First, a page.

Yellow Dog Linux v6.x

The following were prepared by Fixstars staff or the greater YDL community and are specific to Yellow Dog Linux v.6.0 and v.6.1.

TOPIC: How to use the "yum" --the Yellow dog Updater, Modified

'yum' is a powerful software utility used to automatically update and install/remove packages on an RPM based Linux system, retrieve package information, and automatically resolve dependencies.

Originally created by Terra Soft, "yup" (Yellow Dog Updater) was improved and is now maintained by Linux@Duke team at Duke University, becoming yum open_in_new (Yellow Dog Updater, Modified). yum now ships with Red Hat and works with Fedora, Mandrake, and of course Yellow Dog Linux and Y-HPC.

Before starting directly with the yum commmand line options, please be informed that dependency check is always done with the yum usage. Also the default usage will prompt for Yes/No to ask you if something is really what you wanted to do. This feature could be overriden by using the -y option, though it is strongly suggested that you do use the default option, so that you double confirm what is happenning and also it is a good way to find out all the dependencies of a package.

Pointing to the correct server

You may want to modify your local /etc/yum.repos.d to point to the desired server:


name=Yellow Dog Linux 6.0 Base


name=Yellow Dog Linux 6.0 Extras


name=Yellow Dog Linux 6.0 Updates

Basic yum commands

  • yum list -- lists the packages that are not installed but available.
  • yum list updates -- lists updates that are available for the installed packages.
  • yum list installed -- lists all the installed packages.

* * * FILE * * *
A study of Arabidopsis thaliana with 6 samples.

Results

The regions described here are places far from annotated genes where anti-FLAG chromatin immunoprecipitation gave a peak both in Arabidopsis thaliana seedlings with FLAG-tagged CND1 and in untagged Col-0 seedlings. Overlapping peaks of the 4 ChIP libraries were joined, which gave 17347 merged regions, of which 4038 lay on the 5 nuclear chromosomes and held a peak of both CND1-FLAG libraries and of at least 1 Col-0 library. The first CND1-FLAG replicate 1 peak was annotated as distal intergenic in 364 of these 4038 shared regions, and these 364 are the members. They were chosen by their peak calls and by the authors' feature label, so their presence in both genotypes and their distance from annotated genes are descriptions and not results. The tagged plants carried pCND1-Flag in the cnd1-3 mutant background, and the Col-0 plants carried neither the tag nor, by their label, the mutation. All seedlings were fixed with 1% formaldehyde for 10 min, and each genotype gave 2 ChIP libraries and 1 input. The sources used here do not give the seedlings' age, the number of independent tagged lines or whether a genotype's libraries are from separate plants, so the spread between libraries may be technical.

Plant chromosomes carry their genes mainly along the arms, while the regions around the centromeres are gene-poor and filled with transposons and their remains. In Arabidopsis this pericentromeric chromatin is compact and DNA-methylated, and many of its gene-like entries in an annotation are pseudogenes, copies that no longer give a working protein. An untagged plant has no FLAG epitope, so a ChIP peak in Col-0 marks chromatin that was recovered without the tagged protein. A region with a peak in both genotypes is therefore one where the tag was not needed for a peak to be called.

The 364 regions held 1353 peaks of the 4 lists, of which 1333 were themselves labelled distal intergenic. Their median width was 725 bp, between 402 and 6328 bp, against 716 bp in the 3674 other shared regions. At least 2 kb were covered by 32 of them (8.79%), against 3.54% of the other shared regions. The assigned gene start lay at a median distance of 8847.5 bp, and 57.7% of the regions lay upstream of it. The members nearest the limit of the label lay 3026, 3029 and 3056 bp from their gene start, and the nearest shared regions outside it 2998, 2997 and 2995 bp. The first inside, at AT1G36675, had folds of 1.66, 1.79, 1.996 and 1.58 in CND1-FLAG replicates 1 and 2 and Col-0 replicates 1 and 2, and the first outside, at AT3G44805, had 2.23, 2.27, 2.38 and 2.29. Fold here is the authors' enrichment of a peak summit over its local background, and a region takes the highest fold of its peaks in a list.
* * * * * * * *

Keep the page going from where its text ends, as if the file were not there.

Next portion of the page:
• yum install [package name]

    yum install php [ENTER]

    ... this installs the latest version of a package or group of packages, satisfying all the dependencies.
  • yum update [package name]

    yum update php [ENTER]

    ... this updates the php package if an updated release is available for the specified package. If you would like to update every package that is currently installed in your system, run this command without any package name. In either case dependecies are checked and satisfied.
  • yum info [package name]

    yum info php [ENTER]

    ... this returns a brief introduction of the package your are going to install. You dont have to have this package installed( unlike rpm -qi). If an updated release of the package is available it will display information regarding both.
  • yum whatprovides [file name]

    yum whatprovides /usr/bin/php

    ... this would return the package that installed the /usr/bin/php file. It differs from rpm -qf the same way as described for the previous one.
  • yum remove [package name]

    yum remove php

    ... this removes the installed php package ( dependency check surely done).